Are house prices in Scotland rising, falling or standing still? With three reports this week giving apparently different views of the market, anyone is entitled to feel a little confused.
First off, the RICS reported that ‘House prices jumped once again last month’ (meaning October). You can see that report here.
Later that day the Office for National Statistics (ONS) said that prices in Scotland had fallen by 1.1% over the last year (up to the end of September). You can see that report here.
Shortly afterwards, Acadametrics said that prices in Scotland were £647 higher now than the same time last year (also September), up by around 0.4%. You can see that report here.
So, what is really going on?
Despite the apparent differences, the ONS and Acadametrics are pretty much on the same page. And the RICS survey also makes sense if you put it in the right context.
Take a look at the table on the right which shows the ONS and Acadametrics analysis of price changes in Scotland since 2011. Acadametrics gives actual figures while the ONS figures are an index.
In both cases, prices now are below where they were at the start of 2011. In both cases, the actual changes from month to month and over the last two and half years have been relatively minor. In both cases, there has been a cycle of rises and falls in price with no clear sign of a trend. The differences between them are pretty marginal and there is no clear sign of a trend.
But that may be about to change. By next month, both of them are almost certain to be reporting prices higher than they were this time last year. Moreover, it looks quite possible that that will be true for every month from November to next March. That’s largely because prices in those months last time round were so weak.
In short, the minor differences between these two reports are likely to be resolved by results for both which show that house price inflation (i.e. the change over the most recent 12 months) is firmly in positive territory at some point in the New Year. That doesn’t mean that prices will rise in successive months – just that prices will be higher in those months than they were in the equivalent month a year earlier.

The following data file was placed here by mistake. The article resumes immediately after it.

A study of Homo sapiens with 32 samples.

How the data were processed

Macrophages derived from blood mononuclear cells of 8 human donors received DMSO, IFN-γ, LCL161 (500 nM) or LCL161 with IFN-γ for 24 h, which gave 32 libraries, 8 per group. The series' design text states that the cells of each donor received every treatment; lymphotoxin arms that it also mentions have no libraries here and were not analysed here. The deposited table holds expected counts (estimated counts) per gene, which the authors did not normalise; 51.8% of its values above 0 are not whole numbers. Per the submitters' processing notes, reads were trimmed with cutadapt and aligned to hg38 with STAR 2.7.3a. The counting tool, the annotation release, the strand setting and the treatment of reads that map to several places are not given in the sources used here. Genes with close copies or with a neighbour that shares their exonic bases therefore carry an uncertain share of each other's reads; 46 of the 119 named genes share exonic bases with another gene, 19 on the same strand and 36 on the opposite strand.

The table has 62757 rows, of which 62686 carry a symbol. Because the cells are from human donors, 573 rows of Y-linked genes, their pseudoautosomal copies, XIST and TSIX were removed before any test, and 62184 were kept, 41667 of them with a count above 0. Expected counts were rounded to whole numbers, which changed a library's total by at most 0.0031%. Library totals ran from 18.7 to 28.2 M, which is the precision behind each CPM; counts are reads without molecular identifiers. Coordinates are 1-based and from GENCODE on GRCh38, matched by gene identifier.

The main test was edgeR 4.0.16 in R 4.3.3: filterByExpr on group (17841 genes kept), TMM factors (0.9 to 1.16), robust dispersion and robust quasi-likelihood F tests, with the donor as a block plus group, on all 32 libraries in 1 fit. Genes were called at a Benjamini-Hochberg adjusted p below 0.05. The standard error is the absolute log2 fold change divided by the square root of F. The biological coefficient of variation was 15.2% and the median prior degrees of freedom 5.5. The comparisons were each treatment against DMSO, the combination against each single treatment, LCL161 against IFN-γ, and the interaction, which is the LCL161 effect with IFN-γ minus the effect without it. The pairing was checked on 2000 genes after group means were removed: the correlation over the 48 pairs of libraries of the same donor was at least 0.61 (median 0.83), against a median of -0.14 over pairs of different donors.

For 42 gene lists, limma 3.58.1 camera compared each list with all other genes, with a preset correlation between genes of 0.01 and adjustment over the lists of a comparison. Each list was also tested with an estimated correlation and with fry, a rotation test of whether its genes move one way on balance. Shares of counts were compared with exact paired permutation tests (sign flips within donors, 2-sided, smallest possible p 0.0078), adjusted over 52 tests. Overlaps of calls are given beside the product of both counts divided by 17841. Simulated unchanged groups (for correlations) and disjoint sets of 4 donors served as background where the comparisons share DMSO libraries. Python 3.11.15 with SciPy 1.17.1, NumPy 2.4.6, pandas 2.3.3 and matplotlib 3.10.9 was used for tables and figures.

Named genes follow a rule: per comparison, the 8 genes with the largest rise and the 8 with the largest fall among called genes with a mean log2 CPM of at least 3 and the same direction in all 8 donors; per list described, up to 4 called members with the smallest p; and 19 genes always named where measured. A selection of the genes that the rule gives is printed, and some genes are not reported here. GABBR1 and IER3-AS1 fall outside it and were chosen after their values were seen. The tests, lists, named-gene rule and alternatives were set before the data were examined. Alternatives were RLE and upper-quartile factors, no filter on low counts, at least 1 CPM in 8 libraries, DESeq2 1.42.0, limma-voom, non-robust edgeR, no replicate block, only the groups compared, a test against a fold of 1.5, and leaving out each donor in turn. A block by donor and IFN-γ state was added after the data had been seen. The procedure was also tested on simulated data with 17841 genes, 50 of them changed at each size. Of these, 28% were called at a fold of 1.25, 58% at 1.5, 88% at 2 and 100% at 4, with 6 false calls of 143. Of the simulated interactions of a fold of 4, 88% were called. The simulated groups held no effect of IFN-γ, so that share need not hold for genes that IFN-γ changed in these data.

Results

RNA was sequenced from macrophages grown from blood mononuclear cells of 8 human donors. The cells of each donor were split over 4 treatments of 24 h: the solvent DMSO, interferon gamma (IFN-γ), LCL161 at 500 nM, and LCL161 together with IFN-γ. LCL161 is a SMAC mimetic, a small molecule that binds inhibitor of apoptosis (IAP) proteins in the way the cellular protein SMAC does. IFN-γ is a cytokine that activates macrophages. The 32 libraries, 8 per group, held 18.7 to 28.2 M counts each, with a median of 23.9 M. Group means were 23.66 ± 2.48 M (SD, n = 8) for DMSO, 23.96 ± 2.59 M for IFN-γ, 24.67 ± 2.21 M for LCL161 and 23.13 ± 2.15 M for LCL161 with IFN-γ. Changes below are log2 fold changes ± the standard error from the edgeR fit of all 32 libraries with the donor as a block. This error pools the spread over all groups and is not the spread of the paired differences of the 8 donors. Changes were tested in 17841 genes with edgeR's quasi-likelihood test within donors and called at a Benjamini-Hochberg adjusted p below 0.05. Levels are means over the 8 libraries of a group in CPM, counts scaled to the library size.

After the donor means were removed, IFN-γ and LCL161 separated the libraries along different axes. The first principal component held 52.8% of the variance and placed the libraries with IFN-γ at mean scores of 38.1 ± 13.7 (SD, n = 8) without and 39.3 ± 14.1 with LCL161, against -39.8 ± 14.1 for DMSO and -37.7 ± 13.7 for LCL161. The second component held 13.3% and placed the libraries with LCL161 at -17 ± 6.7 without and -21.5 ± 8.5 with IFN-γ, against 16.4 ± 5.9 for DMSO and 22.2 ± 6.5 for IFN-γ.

The RICS survey would fit neatly with that emerging consensus. Unlike the other two, this is based on opinion, rather than mortgage offers or selling prices. The RICS asks its members: Indicate by how much average house prices have changed over the last three months. Surveyors are asked to choose between the following answers: falling, the same or rising.
As you will see, that doesn’t ask surveyors to indicate how quickly or by how much prices have changed. The report assumes that prices are rising when more surveyors report prices rising than report prices falling. But it is impossible to say by how much they are rising. Even if every surveyor reported prices rising, it would still be possible for that rise to be very small.
The importance of the RICS survey is that it provides a measure of market sentiment; are things looking more or less buoyant than they were? In that sense, it looks to the future while reports based on sales refer to what has already happened.
If the reports for October to March from Acadametrics and the ONS do go on to show prices above the level recorded at the same time last year, as I suspect they will, that would be entirely consistent with what the RICS is telling us now.
That doesn’t mean that prices are about to rise sharply or even continuously. Prices could still fall in some months and remain higher than they were in the same month a year ago. Moreover, average prices remain below where they were in 2011 and well below where they were in 2007.
Nevertheless, all of these reports, in their different ways are telling us is that prices have stopped falling and are now on a firmer footing.